As a teen I worked in a call center, gridded partitions of prefabricated carpeted half-walls dividing us into individual bees with an action item list. I worked in the “premier support” grid which would cost you a few dollars per minute to have me answer your phone call.
Winter sales expanded the reach of our customer base, which would have been thrilling had we received bonuses or some compensation for being the actual pleasant voices heard by consumers. Instead we were plagued with desperate inquiries to resolve the problem of a packaged, though optional, program over-writing an INI file used by a an application that was pre-installed with the operating system. In the spirit of being completely open, the desktop PC is unboxed with some Barbie video game installed and certain packages included the Doom video game. When installing Doom it overwrote an important something-something.ini file which caused the Barbie game to stop working.
This is likely the appropriate time to explain that our logo reminded us of Kurt Cobain. Day and night conversing with technophobic and irate customers, while peering at the face of a man that had done the right thing. We all contemplated the possible ways we could end it.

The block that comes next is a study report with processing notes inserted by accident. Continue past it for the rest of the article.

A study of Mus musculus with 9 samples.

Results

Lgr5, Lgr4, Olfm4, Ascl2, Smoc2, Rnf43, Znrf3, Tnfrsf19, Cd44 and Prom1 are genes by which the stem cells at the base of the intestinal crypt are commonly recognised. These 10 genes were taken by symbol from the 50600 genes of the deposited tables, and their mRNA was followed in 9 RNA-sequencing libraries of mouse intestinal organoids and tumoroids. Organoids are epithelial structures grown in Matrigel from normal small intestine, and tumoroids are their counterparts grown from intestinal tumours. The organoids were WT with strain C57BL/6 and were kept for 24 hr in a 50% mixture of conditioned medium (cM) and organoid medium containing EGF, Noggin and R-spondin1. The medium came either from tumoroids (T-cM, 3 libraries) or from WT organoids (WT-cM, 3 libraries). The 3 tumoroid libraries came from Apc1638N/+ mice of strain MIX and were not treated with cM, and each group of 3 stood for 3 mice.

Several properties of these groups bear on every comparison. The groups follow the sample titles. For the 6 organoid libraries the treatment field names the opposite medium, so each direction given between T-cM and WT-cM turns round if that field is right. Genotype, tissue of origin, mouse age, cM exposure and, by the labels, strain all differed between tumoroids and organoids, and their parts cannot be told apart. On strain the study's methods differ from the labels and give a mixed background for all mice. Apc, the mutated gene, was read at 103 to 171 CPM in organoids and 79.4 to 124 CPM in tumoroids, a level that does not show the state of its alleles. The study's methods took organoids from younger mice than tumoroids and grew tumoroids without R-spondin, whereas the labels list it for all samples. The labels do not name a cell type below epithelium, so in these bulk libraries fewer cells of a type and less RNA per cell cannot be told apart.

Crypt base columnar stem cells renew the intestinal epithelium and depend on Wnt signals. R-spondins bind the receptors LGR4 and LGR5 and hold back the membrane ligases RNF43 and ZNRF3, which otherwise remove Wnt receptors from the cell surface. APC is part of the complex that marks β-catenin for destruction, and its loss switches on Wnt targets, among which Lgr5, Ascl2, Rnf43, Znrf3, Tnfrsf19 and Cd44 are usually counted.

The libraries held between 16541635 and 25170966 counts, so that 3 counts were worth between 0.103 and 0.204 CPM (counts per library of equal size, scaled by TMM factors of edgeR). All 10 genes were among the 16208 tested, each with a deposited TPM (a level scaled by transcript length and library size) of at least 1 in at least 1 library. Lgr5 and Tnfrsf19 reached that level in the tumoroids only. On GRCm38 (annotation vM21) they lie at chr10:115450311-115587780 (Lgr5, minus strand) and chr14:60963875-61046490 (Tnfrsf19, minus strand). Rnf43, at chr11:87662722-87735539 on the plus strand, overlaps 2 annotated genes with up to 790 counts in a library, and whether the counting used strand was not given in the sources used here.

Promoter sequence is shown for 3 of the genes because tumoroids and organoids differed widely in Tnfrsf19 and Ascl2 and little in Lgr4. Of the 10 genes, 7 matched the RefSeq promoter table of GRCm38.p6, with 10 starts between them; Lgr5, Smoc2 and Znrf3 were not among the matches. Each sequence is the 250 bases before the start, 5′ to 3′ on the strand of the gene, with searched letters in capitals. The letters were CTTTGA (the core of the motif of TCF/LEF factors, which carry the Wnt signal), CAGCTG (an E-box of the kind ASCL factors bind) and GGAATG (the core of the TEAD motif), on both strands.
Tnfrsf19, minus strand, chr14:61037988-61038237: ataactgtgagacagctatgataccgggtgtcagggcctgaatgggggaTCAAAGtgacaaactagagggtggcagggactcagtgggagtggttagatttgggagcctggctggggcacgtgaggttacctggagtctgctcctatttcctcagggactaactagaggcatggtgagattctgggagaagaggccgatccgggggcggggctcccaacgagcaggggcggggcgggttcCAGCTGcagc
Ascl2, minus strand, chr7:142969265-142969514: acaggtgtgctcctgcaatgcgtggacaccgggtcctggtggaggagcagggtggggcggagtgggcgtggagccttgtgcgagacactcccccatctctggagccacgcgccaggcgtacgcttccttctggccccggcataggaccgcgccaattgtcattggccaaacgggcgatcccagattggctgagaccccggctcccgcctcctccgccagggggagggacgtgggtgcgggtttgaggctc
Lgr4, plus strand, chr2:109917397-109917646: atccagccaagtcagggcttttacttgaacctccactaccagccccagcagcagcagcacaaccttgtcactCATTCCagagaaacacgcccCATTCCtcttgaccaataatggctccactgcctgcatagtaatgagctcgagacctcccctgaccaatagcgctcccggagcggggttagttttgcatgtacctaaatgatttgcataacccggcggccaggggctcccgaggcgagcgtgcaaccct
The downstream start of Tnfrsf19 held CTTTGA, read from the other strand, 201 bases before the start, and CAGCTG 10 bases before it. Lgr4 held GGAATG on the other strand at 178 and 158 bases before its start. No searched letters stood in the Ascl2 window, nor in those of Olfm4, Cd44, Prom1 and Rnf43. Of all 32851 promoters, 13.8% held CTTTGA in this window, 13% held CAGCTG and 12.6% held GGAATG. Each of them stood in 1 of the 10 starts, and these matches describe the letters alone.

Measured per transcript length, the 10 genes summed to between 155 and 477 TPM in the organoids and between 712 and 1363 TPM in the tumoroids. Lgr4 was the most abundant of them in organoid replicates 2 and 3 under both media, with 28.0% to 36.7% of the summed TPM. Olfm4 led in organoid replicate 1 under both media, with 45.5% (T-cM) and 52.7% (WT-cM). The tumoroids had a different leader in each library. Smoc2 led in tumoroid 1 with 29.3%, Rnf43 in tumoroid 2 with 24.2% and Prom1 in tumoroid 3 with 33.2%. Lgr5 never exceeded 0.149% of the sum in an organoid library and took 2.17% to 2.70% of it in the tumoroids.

To my surprise, people wanted to play with the Barbie game, so the phone techs came up with an INI file that resolved the issue and included the parameters for both games. This caused so much phone traffic we were allowed to get overtime.
Cause and effect led us to sleeping on the tables in the cafeteria and going back to work. The alternative was sleeping in my car. Not for a nap before clocking back in, but for sleeping at any time. For a blip in my life, that is viewed as a long and oppressing era, I had no where to live. But I did have a 1977 Datsun 280 Z Coupe. This means I had a car with no back seat and no ability to recline the front seat. This is where I slept when it was time to escape the world. I would wake up every hour or so because of noise or the sheer cold of the Rocky Mountain winter.
During this period of daily work-nap-work the company had decided to loop the first and only US commercial in the break room. It had the feel of a late nineties Nine Inch Nails music video and a Tim Burton film. While watching it I could feel the hopelessness of George Orwell’s dystopian Nineteen-Eighty-Four.
With the sound muted I would roll over to see the wall covered with the corporate blood-splattered logo, the suggestion, the urge, the bearing, the compulsive pressure bearing down to incline myself to stop dog-paddling and commence with the drowning.
I would move over again, facing the never-ending video that promised hope and change from the dark cyclical life of soul-crushing meaningless work. The monotony of pretend happiness at the end of the single-file line, if only we could chose that other path. If that option were actually available to the tolitaria.
I closed my eyes and remembered I hate purity, I hate goodness!